The Facebook Blog has some interesting discussion about the controversy surrounding their changed Terms and Conditions. As of this writing, they’ve returned to the previous version, and it seems they’re trying to iron out some of the issues that have been raised (note: by people who have actually read them – have you?).
On the blog, Mark Zuckerberg points out how huge FaceBook’s community is: 175 million, and one of the problems that’s arising is the issue of what happens to your data if you deactivate your account. It has always bugged me that your account is still there, even if you “close” it. I’ve experimented with this. You close your account, but all you have to do is log in again – with the old details – and it magically reappears, complete with all your previously added friends.
This seems wrong – when you’re hacked off enough to delete an account, you want it to stay deleted. On the other hand, Zuckerberg points out that if you send an email to someone, they can keep a copy of that – you can never “unsend” it. In other words, FaceBook is retaining copies of all your messages in the same way. But is this right?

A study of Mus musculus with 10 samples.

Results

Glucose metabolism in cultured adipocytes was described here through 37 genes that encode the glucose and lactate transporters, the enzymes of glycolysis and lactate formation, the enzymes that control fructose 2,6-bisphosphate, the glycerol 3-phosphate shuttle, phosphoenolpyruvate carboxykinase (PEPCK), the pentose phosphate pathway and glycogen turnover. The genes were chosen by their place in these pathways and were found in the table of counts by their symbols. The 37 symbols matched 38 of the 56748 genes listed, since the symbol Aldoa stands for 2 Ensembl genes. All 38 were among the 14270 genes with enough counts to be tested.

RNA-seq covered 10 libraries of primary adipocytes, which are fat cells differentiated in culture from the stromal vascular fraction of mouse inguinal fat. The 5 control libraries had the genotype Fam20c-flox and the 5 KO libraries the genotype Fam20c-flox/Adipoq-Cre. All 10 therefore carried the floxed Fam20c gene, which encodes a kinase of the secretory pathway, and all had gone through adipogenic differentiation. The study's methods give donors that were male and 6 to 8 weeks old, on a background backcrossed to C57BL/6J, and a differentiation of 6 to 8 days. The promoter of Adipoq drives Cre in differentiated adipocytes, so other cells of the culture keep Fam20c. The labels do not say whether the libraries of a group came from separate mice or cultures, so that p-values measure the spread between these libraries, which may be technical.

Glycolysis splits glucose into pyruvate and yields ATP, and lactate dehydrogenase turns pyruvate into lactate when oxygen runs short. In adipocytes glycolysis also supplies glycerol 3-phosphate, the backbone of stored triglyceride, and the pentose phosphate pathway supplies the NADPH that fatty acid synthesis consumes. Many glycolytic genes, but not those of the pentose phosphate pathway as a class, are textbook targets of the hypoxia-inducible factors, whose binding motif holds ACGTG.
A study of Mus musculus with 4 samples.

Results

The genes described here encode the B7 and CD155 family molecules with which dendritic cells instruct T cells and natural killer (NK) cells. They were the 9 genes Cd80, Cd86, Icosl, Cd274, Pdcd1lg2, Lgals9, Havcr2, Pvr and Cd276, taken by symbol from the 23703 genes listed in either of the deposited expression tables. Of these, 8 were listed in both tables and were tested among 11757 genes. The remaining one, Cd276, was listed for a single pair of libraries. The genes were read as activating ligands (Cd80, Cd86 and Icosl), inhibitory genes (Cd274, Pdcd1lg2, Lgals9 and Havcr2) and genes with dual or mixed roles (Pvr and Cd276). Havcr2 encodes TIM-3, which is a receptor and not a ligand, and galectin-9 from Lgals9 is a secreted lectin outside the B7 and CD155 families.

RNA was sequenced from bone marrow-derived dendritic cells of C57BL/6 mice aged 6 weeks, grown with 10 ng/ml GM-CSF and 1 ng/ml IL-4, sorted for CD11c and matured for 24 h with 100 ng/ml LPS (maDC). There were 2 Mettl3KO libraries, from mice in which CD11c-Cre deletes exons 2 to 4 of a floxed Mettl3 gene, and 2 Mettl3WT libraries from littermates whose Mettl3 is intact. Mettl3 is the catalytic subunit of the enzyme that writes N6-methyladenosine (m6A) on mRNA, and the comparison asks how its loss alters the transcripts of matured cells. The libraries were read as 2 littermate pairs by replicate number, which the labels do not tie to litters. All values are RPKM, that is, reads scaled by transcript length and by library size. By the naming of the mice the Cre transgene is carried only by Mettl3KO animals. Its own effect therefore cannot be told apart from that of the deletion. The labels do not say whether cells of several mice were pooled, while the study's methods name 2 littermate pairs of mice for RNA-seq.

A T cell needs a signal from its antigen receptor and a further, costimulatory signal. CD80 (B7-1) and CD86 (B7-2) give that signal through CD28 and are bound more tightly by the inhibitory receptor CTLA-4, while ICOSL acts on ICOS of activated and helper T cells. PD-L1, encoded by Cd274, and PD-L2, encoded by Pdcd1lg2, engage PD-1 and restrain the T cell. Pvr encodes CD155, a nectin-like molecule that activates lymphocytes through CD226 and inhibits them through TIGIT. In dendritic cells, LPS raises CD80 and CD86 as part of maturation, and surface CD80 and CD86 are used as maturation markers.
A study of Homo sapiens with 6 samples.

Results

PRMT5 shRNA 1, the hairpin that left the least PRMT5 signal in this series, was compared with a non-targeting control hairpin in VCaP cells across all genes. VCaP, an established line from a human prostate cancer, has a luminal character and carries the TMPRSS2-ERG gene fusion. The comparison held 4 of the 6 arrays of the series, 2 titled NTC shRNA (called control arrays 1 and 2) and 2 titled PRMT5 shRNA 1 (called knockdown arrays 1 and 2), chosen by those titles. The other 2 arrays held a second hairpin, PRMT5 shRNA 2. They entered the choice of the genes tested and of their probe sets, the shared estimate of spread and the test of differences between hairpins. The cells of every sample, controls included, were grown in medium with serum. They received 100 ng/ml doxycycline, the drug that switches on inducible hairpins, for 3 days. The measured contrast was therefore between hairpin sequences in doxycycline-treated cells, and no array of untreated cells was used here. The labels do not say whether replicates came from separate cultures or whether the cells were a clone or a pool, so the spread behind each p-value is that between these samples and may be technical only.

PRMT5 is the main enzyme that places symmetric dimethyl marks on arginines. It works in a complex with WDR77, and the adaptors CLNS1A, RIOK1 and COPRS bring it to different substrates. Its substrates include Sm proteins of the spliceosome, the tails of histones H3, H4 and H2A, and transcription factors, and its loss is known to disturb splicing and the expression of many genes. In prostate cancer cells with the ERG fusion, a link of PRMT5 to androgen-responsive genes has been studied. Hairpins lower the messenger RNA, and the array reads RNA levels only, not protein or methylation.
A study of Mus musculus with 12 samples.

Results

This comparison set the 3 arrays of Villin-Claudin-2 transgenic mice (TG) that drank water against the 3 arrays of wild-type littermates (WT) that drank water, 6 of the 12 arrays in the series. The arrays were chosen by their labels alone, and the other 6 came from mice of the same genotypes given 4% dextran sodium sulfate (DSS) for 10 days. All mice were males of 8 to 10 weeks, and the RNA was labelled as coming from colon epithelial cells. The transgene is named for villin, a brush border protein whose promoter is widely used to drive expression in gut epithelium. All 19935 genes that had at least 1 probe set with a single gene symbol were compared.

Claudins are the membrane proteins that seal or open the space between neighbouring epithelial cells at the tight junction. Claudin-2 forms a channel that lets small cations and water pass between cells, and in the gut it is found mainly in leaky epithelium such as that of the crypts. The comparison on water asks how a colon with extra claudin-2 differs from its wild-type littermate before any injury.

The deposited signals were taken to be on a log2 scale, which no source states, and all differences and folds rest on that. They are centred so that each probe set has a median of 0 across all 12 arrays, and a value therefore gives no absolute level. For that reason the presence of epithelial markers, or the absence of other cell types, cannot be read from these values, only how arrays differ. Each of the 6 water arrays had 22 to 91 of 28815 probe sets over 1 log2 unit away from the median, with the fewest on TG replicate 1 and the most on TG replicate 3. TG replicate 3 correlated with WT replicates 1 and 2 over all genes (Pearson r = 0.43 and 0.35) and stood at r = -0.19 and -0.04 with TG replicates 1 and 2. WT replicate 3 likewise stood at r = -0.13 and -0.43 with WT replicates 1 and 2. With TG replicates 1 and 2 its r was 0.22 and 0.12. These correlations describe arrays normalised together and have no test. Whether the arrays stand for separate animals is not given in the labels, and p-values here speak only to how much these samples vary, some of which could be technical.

People want full ownership and control of their information so they can turn off access to it at any time. At the same time, people also want to be able to bring the information others have shared with them—like email addresses, phone numbers, photos and so on—to other services and grant those services access to those people’s information. These two positions are at odds with each other. There is no system today that enables me to share my email address with you and then simultaneously lets me control who you share it with and also lets you control what services you share it with.
I suppose we should be asking ourselves the same questions about Twitter. Do all your tweets stay there forever, even if you delete your account? (The other question is, with everybody suddenly using Twitter, has FaceBook peaked?)